Sensitive U.S. Documents Remain Unsecured in Benghazi Consulate
U.S. Documents containing sensitive diplomatic information remain unsecured in the torched Benghazi consulate attacked on the anniversary of September 11th.
With the FBI and others still not on site to secure the premises, it is feared documents which the Obama administration has allowed to remain unguarded on site may have soon fall into the wrong hands.
These documents detail "weapons collection efforts, emergency evacuation protocols... and a list of Libyans who were contracted to secure the post." As of early October 3, the documents were still accounted for by an interpreter and a Washington Post reporter who visited the consulate, but what happened beyond that no one knows.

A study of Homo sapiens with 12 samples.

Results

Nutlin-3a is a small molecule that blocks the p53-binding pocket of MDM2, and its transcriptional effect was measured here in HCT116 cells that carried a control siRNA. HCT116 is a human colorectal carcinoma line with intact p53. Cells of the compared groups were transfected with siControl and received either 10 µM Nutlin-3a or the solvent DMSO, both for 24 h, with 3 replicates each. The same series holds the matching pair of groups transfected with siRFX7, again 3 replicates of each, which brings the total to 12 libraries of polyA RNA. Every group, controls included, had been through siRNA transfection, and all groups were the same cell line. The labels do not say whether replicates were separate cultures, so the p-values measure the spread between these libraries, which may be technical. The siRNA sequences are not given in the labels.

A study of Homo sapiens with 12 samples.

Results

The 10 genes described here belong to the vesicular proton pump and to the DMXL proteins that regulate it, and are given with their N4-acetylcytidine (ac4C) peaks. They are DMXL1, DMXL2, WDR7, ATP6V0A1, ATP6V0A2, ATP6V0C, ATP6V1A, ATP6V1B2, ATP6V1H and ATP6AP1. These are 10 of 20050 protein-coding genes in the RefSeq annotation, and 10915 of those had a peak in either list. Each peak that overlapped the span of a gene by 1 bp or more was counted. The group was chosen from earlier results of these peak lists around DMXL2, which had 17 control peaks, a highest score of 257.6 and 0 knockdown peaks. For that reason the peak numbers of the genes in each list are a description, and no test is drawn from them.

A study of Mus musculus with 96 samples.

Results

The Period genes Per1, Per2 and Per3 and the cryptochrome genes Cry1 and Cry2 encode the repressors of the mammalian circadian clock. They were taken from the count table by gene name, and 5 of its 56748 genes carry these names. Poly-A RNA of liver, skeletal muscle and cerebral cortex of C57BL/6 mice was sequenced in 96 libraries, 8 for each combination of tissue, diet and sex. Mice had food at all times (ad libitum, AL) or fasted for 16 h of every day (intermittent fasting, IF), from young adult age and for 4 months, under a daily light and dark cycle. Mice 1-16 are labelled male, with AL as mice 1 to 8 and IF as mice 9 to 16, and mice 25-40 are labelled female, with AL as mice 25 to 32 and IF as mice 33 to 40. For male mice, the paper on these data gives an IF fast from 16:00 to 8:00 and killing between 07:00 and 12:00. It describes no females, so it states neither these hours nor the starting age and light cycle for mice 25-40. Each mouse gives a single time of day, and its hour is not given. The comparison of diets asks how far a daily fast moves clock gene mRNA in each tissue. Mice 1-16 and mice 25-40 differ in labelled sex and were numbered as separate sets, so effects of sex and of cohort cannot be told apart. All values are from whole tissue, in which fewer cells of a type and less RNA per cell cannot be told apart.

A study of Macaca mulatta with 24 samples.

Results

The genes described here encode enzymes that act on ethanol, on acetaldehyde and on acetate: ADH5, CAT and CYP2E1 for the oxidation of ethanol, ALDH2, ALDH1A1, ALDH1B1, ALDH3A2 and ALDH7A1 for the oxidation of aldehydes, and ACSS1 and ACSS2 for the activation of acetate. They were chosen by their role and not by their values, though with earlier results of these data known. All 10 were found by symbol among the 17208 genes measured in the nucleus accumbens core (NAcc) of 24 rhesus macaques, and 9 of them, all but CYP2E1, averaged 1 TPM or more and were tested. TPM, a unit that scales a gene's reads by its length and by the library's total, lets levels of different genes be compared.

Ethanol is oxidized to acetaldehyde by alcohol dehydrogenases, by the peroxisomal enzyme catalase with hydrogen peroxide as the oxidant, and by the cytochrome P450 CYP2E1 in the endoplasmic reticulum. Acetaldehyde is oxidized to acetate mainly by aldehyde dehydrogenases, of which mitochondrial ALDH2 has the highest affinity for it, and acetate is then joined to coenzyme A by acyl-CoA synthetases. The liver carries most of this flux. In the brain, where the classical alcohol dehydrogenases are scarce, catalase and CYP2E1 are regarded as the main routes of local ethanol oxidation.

One thing is for sure; if the wrong eyes see the documents, it could bring dire consequences for any Libyans who tried to defend U.S. personnel from attackers.
Moreover, at least one Libyan contractor who had been working with the U.S. is terrified. He claims his photograph, birthday, phone number, and "Libyan national identity number" were all listed on a document inside the consulate.
The State Dept. has responded to this situation by saying "securing the site has... been a challenge." State Dept. spokesman Mark Toner said: "We had to evacuate all U.S. government personnel the night of the attack. After the attack, we requested help securing the site, and we continue to work with the Libyan government on this front."
Talk radio host Rush Limbaugh speculates the FBI has been purposely kept from the site in order to keep Americans from learning the horrible truth of what really took place.